Just how attached are consumers to their smartphones? A 2012 study by IDC Research reported that 72% of all smartphone users say their devices are within an arm's reach for at least 23 hours a day. That's about 89 million adults maintaining a nearly constant connection. And when we observe kids under 18, it's even more obvious that mobile is engrained in our culture.
That cultural shift shows up everywhere:
79% of all smartphone users reach for their phone within 15 minutes of waking up, according to the same 2012 IDC Research study.
A November 2013 study by Deloitte says nearly seven out of 10 smartphone and tablet users were expected to use their devices to research, shop and buy online during this past holiday shopping season—a total of about 95 million users.
Within the financial services industry, smartphones are now the most common starting point for banking activity, according to a 2012 multi-screen user behavior study by Google & Ipsos.
Day after day, new studies confirm that mobile is winning in both convenience and experience. Not surprisingly, as the mobile culture grows and devices become more powerful, consumers expect better online experiences. That's exactly why responsive design—a way to optimize websites for literally any device—is becoming such a key component to effective online marketing.
Responsive design works by taking cues from the user's device. It looks at things like screen resolution and browser width and automatically adapts content on the fly. It also adds more functionality, features and convenience (like click-to-call) when it makes sense. The result is a more enjoyable experience that deeply engages the audience.
Of course, the use of desktops and laptops isn’t dead, and we can’t abandon those more traditional users. That's where responsive design shines: We can look at all those different devices, operating systems and screens and realize each one must offer an experience every bit as good as any other.
For the first time, with Google's updated search algorithm implemented in June 2013, responsive sites now see higher search rankings while non-responsive sites’ rankings drop. Yahoo and Bing have followed suit. And anecdotally, you’ve probably noticed these improvements yourself as most popular websites now render very nicely on mobile devices.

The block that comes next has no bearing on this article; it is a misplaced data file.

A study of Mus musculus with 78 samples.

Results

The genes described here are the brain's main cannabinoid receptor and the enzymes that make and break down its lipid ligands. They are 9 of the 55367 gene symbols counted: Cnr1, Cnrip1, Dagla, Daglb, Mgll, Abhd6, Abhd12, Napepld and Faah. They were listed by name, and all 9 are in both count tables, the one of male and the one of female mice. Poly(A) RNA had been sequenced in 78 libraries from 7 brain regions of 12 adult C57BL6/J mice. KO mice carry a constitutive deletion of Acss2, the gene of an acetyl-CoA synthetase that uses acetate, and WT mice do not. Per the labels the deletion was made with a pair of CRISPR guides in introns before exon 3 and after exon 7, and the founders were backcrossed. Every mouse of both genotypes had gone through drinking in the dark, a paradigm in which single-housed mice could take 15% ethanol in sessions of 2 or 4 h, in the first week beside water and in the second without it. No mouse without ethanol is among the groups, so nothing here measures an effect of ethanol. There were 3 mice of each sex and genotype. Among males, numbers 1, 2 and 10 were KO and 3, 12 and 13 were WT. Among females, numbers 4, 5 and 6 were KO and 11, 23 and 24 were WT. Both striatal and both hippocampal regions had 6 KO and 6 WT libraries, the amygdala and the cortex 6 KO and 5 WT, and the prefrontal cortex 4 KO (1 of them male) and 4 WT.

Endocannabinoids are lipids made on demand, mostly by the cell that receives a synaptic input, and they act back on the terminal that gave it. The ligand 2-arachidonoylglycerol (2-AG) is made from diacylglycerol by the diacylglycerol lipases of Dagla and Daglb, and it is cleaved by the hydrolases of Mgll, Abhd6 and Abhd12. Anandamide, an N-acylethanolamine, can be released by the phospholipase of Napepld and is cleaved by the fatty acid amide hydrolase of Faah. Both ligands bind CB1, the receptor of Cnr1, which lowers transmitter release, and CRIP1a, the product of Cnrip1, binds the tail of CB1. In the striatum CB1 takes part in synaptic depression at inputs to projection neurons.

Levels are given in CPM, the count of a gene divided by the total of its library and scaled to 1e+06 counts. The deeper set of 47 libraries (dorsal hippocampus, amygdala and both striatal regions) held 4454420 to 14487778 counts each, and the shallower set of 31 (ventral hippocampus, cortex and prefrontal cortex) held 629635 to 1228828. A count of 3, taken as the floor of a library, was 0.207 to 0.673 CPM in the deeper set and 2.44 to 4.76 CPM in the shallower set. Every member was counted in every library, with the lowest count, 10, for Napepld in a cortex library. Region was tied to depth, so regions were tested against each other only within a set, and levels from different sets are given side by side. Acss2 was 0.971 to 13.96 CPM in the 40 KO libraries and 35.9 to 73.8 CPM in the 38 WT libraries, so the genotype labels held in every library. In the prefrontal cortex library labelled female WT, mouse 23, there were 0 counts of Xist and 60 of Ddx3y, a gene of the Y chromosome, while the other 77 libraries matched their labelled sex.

With such a massive mobile user base, credit unions and related organizations not only need to be ready for the sheer number of users, but also the shifting psychology of how attached they are. As Lookout reports in its 2013 Mobile Market Study, “Even the very thought of being without your mobile device due to no signal, a dead battery, or losing or forgetting it evokes emotions that range from concern to outright panic.”
That's a strong connection, and we need to understand and accommodate it.
To make the shift, think about questions that could serve as the basis for your strategy: What percentage of your current site traffic comes from mobile? How has it changed in the last year? How many of your members plan to switch to a smartphone or tablet if they haven’t already? How many of them are multi-screen users? What sites—financial services, retail or otherwise—do they like to visit with a smartphone?
Answers to these questions ultimately lead to one more: Isn’t the adaptation of responsive design just another instance of the member-centric mission we’ve all lived from the beginning?
In that sense, the key to success is actually old advice: Learn more about your members, respond to what they expect and understand how their mindsets are continually changing. With this approach, you not only drive mobile strategies for the future, you stay perfectly aligned with what the credit union movement is all about.
Susan Sachatello is senior vice president of TruStage. She can be reached at email@example.com.